Opinion: Does Erlanger's need for flexibility portend other changes down the road

It's all about flexibility, the Erlanger Health System Board of Trustees says.

Nevertheless, loosening the system's conflict of interest provisions is a step we wish the board hadn't taken.

Late last month, the trustees voted unanimously in a public meeting to change their bylaws barring trustees or any business entity in which a trustee has a controlling interest from being employed by or contracting with Erlanger until at least two years after the trustee's service is complete.

The new wording allows them to grant an exemption to the previous bylaws to employ a trustee "in extraordinary circumstances" before those two years are up.

"Trustees, throughout their tenure, are in a unique position to acquire a combination of experience, expertise and insight into areas ranging from [Erlanger's] operations, [Erlanger's] strategic planning and the community's values," the resolution authorizing the change reads. "In light of such experience, expertise and insight, and the time and resources required to recruit new key employees and familiarize them with the [health system], the board recognizes the need for additional flexibility to allow [Erlanger] to employ trustees, upon completing their tenure as trustees, particularly when [Erlanger] is facing extraordinary events."

The extraordinary circumstances could include unexpected or planned events that occur outside the typical course of operations for Erlanger, such as "mergers, acquisitions, divestitures, reorganizations or restructurings."

Well, it just so happens the hospital system is exploring a sweeping corporate restructuring, moving from being a quasi-government entity to a private, nonprofit organization.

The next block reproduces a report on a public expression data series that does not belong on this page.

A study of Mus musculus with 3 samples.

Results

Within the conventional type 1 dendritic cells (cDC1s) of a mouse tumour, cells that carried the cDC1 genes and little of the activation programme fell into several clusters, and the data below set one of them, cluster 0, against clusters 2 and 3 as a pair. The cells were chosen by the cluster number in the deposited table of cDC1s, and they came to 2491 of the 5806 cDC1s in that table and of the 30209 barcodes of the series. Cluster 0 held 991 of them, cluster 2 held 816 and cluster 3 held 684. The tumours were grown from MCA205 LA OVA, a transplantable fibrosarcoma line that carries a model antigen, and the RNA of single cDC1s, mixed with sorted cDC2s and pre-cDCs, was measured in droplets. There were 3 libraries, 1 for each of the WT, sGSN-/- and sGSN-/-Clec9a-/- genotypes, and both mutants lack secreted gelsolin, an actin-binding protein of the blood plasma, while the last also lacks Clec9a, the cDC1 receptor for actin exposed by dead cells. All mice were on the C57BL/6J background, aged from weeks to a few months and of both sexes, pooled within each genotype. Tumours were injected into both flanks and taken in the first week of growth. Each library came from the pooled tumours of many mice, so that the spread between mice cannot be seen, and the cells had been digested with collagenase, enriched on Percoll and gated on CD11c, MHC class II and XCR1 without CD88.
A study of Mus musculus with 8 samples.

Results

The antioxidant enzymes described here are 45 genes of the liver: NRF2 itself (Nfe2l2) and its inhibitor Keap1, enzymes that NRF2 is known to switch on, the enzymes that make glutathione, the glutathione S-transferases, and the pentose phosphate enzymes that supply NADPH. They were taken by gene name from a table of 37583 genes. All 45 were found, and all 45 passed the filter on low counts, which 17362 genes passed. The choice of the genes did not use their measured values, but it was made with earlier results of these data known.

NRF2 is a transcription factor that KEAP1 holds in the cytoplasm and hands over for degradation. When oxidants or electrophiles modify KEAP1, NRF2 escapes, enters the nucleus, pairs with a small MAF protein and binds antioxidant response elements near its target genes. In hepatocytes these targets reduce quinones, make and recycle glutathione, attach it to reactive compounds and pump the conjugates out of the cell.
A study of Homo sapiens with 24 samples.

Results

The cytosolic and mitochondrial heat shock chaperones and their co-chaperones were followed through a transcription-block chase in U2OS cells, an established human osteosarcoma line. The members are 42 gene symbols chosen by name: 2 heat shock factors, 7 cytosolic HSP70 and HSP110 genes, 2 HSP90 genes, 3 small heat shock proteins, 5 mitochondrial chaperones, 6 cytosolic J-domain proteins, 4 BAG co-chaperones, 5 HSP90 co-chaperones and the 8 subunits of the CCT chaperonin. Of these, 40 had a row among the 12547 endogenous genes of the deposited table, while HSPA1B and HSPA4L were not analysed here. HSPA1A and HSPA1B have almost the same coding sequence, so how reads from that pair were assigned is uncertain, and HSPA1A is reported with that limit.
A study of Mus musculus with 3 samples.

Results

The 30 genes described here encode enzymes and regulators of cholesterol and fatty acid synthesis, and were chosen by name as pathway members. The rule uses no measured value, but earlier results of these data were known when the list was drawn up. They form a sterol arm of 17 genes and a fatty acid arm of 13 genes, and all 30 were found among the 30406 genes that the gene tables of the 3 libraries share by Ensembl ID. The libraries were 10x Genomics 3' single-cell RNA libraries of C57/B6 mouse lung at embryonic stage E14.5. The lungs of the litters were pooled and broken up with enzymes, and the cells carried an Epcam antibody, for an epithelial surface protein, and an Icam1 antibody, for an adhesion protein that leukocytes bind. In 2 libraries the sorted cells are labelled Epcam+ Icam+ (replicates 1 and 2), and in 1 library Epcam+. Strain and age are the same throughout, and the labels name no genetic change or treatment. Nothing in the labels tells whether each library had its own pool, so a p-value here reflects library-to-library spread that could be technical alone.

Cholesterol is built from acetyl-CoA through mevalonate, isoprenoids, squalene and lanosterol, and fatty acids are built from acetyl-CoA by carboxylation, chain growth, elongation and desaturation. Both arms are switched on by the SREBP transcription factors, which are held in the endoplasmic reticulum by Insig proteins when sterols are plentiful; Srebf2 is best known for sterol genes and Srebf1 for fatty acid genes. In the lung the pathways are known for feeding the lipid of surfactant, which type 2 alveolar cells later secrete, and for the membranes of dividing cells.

Such a move will require permission from the Hamilton County Commission but, most critically, from the county legislative delegation, which authorized the system's current governing structure around 45 years ago.

Erlanger executives told the Times Free Press editorial board earlier this year they hoped a new governing structure could be completed and passed by the legislature before its adjournment this spring. With the legislature rapidly moving toward the completion of its work, that hope looks dim.

Nevertheless, legislative delegation members may not be happy with the relaxed conflict of interest provisions. After all, the board's most recent change to the provisions in 2019 was to strengthen them. State Sen. Todd Gardenhire, R-Chattanooga, had proposed a bill increasing the time before a trustee could be hired at the hospital from six months to a year. He eventually pulled the bill, but the board increased the time to two years, expanded the provision to include contract work by trustees and made exceptions for physicians who practice at the hospital and the medical chief of staff (who is a trustee).

Prior to both occasions when the board increased the time for trustees to be hired, in 2002 and 2019, overtures had been made to former trustees for a specific post or for contract work.

In our thinking, the trustee-to-hire pipeline is just too cozy, even if it's in "extraordinary circumstances." Even if nothing untoward is intended, the public may wonder what was said behind closed doors that wound up in a trustee being hired.

While we understand the hospital system's desire to rethink its governing structure to be more nimble in a competitive marketplace, its purchasing and its hiring, we think the public may see the loosening of the conflict of interest provision as the beginning of loosening in other areas.

As we wrote when the area's only public hospital system broached changing its governing structure, we think the public could rightly wonder about Erlanger loosening its commitment to providing indigent care, cutting back or eliminating services and/or employees, and absent the scrutiny of public board meetings, making decisions it would not have made if watchdogs weren't present.

We admit Erlanger officials allayed some of our fears with promises about not discontinuing services and continuing its "mission" of uncompensated care, but the change in the conflict-of-interest provision gave us pause.

Again, we hear the board saying it's just "flexibility," it's a little wiggle room, that it's "strategic," that it makes the hospital more nimble. But since the exact parameters of the hospital system's independent nonprofit governance haven't been fully established, we'll continue to be skeptical. Our concern may be much ado about nothing, but we don't know yet.